Brooklyn Boro

OPINION: Old enough to miss the world’s crack-up

October 30, 2014 By Ben Krull Special to the Brooklyn Daily Eagle
Ben Krull is a New York City-based family law attorney and freelance writer. Photo courtesy of Ben Krull

Having recently reached age 55, I look at the actuary tables and realize I have around 25 years left. As such, I no longer have to worry about many of the world’s woes that keep the medicine cabinets of 30-year-olds stocked with Xanax.     

In recent years, one of my biggest concerns has been retirement, which I hope to spend watching re-runs of Seinfeld, while stuffing myself with potato chips and onion dip. But this lofty goal is dependent upon my receiving a hefty Social Security check.     

The Gen Xers, Generation Ys and Millennials have mostly given up on the idea of collecting Social Security. I also used to fret over talk about “saving” the retirement program — which, in Washington speak, meant stripping the system until a government check was as worthless as a Ray Rice jersey.     


My other retirement dream is to spend summers on Coney Island beach displaying my potato-chip-fattened belly. Younger generations, however, have little hope of fulfilling such leisure plans, as there will be no beaches.  

According to most climate scientists, air-pollution will cause the oceans to rise to uncontrollable heights, wiping out our coastlines. Global warming will also lead to catastrophic food shortages and extreme weather events will be as commonplace as coffee houses in Park Slope. And all this will happen as soon as 40 years from now!

In other words, we will experience the worst effects of climate change when I’m dead. So while twenty-somethings protest carbon emissions as an act of self-preservation, I can stand on the sidelines, knowing I will be able to watch our environmental tragedy unfold from a distance–from six-feet underground to be precise, where the earth will be nice and cool.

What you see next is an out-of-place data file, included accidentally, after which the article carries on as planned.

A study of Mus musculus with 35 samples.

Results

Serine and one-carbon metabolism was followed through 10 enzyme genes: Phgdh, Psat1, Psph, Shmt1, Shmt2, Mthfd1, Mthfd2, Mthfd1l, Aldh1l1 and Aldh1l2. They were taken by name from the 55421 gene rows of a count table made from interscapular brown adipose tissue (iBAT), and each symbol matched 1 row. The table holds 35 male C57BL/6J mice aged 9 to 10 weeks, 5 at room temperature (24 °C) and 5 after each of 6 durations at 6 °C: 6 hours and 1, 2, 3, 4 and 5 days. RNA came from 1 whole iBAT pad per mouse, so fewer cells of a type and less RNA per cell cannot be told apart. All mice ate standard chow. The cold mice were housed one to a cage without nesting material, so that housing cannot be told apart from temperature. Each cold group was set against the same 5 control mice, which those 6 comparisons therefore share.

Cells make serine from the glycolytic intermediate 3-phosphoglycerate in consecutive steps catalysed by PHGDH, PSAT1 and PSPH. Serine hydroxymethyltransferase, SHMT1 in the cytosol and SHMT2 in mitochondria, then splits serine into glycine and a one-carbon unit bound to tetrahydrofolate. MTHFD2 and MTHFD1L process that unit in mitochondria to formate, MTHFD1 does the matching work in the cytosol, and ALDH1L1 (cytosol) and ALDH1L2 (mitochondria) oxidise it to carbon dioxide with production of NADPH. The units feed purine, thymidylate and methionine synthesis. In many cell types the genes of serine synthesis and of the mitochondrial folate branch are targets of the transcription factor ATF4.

The spread of Islamic extremism gave me nightmares for a while, but it has been 13 years since 9/11. At the pace they are inflicting harm on the homeland, I will be well out of harm’s way by the time the jihadists extend their caliphate over my Brooklyn home.     


Sure, there are other potential disasters looming, and I assume that a self-inflicted catastrophe will eventually make living unbearable — just not in my lifetime. My faith comes from living under the protective umbrella of the one country that is too big to fail.     

Even after the debacles of Iraq and the Great Recession, we are still the world’s unchallenged superpower, capable — for now — of overwhelming the sources of demise with our economic and military girth.

The day we are all speaking Chinese with a Brooklyn accent or saying the pledge of allegiance to Vladmir Putin is at least a quarter-century away — shorter than the life-span of your average Genetically Modified Organism supermarket item. Certainly we can keep things together until my non-GMO body reaches its expiration date.     

Despite my relief over the likelihood that I will miss our collective meltdown, I am concerned about how the world will fare after I’m gone.  After all, I have nieces, nephews and young cousins. Nonetheless, problems always seem less menacing when someone else has to deal with them. Meanwhile, in moments of despair, I can indulge the fantasy that some as-of-yet unborn genius will figure out how to clean up our mess.     

My biggest fear is that medical science will develop the means to delay my exit until after doomsday.

Then again, I am confident that by the time I reach old age, our health system will be so screwed up that Medicare will only be accepted by faith healers and witch doctors…all of whom will be too booked up for me to get an appointment.